WAGSTAFFE, John (1618-97), Ladybellegate House, Longsmith Street, Gloucester.

Published in The History of Parliament: the House of Commons 1660-1690, ed. B.D. Henning, 1983
Available from Boydell and Brewer

Constituency

Dates

Family and Education

bap. 12 Mar. 1618, 1st s. of Edward Wagstaffe, brewer, of Gloucester by w. Katherine. m. at least 1s. suc. fa. 1655.1

Offices Held

Common councilman, Gloucester 1662, alderman 1663-89, commr. for assessment 1663-80, mayor 1669-70, 1678-9, coroner 1672-3; j.p. Glos. 1680-?89; commr. for inquiry into recusancy fines, Glos., Herefs. and Worcs. 1687.2

Biography

Wagstaffe was apprenticed in 1631 to his father, a wealthy brewer who was prominent in municipal affairs. His sympathies may have been royalist, in opposition to those of his father and the majority of the citizens; in 1645 he was goaled for ‘his misdemeanours and ill carriage towards his father’, and it was later claimed that he had been in arms for the King. Certainly his appointment to the common council by the commissioners of corporations, without qualifying by service as bailiff or sheriff, would indicate strong support for the Restoration. He was one of the aldermen ordered to search certain houses in 1664 for seditious books and papers, and on 21 May 1670, during his first mayoralty, he wrote to Lord Arlington (Sir Henry Bennet):

I send a seditious pamphlet received in blank paper, considering it my duty to prevent all practices that may savour of violating the laws. I will do my utmost to suppress all unlawful conventicles in this city and manifest myself a loyal subject of his Majesty.

As one of the ‘loyal’ faction in the bitterly divided corporation, he was delegated to surrender the charter ‘on bended knee to the King’ in November 1671, and reappointed alderman in accordance with the recommendations of Lord Worcester (Henry Somerset, the high steward of the city.3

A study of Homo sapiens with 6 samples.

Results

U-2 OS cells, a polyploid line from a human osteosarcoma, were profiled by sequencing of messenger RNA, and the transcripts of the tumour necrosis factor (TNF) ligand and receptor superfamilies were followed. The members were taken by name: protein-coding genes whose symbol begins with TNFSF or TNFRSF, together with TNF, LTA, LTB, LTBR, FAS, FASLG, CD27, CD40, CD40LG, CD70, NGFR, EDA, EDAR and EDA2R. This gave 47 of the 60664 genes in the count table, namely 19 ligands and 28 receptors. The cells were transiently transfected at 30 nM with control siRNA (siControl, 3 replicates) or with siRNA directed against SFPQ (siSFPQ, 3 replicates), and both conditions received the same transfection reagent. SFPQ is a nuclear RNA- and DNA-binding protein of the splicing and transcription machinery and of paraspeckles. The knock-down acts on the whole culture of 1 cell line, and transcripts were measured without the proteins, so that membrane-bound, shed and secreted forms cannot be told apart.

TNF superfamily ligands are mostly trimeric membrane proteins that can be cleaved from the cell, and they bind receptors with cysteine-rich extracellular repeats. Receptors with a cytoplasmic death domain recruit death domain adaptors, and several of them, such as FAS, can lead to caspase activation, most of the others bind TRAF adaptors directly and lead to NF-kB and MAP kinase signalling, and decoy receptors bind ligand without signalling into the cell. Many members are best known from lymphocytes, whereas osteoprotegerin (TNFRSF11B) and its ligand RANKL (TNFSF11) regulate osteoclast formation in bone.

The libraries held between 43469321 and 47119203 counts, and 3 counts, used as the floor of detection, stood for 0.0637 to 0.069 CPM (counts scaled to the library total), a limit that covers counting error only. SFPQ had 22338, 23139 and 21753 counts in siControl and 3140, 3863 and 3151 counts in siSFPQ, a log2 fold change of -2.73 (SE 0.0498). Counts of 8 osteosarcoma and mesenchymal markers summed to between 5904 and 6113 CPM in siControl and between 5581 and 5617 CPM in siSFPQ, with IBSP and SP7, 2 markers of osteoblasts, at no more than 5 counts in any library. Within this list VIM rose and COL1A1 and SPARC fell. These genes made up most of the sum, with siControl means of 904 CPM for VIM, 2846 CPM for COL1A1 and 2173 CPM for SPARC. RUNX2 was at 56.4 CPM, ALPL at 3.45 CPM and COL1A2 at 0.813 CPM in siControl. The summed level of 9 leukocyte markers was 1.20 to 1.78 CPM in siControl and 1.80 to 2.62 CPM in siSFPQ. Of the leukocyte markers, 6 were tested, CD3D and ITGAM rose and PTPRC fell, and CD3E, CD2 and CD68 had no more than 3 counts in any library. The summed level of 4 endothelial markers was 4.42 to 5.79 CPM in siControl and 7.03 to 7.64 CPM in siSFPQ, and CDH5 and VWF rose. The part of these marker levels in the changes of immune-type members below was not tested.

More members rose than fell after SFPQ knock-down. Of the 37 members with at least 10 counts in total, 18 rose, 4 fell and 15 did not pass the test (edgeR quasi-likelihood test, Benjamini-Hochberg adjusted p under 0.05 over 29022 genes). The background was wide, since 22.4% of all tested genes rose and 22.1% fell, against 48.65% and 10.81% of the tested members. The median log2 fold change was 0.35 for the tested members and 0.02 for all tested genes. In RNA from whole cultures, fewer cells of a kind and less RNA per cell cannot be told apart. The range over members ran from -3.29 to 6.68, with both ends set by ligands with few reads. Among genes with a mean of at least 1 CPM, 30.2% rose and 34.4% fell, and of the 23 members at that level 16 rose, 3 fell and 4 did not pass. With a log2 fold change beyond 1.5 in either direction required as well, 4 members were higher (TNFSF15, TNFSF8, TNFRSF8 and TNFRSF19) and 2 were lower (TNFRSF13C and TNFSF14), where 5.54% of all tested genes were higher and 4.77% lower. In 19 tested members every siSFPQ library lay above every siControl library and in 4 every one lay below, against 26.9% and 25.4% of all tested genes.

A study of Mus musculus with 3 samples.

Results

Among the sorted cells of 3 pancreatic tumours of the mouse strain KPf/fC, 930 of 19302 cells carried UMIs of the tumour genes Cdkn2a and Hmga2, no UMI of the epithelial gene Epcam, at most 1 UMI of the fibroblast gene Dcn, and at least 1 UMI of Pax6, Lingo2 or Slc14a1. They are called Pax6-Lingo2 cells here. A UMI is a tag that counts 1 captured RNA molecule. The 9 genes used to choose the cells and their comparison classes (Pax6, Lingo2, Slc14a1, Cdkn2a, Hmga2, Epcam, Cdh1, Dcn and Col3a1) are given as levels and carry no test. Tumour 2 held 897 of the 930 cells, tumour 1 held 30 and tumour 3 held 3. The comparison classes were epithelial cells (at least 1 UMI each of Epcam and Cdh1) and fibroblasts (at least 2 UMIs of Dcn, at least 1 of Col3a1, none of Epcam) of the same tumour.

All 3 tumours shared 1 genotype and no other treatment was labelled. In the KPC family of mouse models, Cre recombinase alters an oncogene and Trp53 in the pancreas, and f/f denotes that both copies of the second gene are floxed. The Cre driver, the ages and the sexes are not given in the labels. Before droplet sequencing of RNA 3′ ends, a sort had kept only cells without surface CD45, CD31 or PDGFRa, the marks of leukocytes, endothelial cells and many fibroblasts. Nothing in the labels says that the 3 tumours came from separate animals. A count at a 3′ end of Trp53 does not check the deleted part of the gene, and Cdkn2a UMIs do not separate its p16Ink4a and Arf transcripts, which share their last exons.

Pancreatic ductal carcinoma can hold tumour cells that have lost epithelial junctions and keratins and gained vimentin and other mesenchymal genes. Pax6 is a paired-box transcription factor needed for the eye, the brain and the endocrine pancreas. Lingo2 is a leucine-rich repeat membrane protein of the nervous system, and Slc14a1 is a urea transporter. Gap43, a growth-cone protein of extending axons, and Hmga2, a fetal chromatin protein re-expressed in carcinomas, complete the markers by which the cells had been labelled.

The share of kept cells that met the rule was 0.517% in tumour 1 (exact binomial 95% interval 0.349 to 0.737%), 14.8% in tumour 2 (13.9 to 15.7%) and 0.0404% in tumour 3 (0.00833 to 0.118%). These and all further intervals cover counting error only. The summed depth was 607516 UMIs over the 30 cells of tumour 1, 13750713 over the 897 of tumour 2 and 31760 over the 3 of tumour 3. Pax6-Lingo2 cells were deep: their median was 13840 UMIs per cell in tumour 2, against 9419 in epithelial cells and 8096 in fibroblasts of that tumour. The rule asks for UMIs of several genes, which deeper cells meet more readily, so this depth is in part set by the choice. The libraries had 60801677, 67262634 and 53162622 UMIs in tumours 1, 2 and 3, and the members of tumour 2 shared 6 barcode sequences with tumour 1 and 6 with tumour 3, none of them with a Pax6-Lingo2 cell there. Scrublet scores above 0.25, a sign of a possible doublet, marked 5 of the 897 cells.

When Wagstaffe was made a county magistrate in 1680, he was noted in the list presented to the House of Lords as ‘a brewer and unfit’. This description was crossed out; but the Government ignored a proposal from Worcester in the following year to add him to the lieutenancy. He was returned to James II’s Parliament, but left no trace on its records. In 1688 he gave affirmative answers to the questions concerning the repeal of the Penal Laws and Test Act. Lord Worcester, now Duke of Beaufort, reported that Wagstaffe was one of the few supporters of James II’s religious policy who might be returned at the anticipated election, though ‘not without difficulty’, and Sunderland recommended him as a court candidate. On the news of the Dutch landing the King committed to his personal charge the protection of the Roman Catholic chapel at Gloucester and its priest. He did not stand in 1689, and in October, presumably as a non-juror, offered his resignation as alderman and common councilman. Thereafter his name appears in the municipal records only in connexion with his litigation and disputes with the corporation. He died on 20 Mar. 1697 and was buried in Gloucester Cathedral, the only member of his family to sit in Parliament.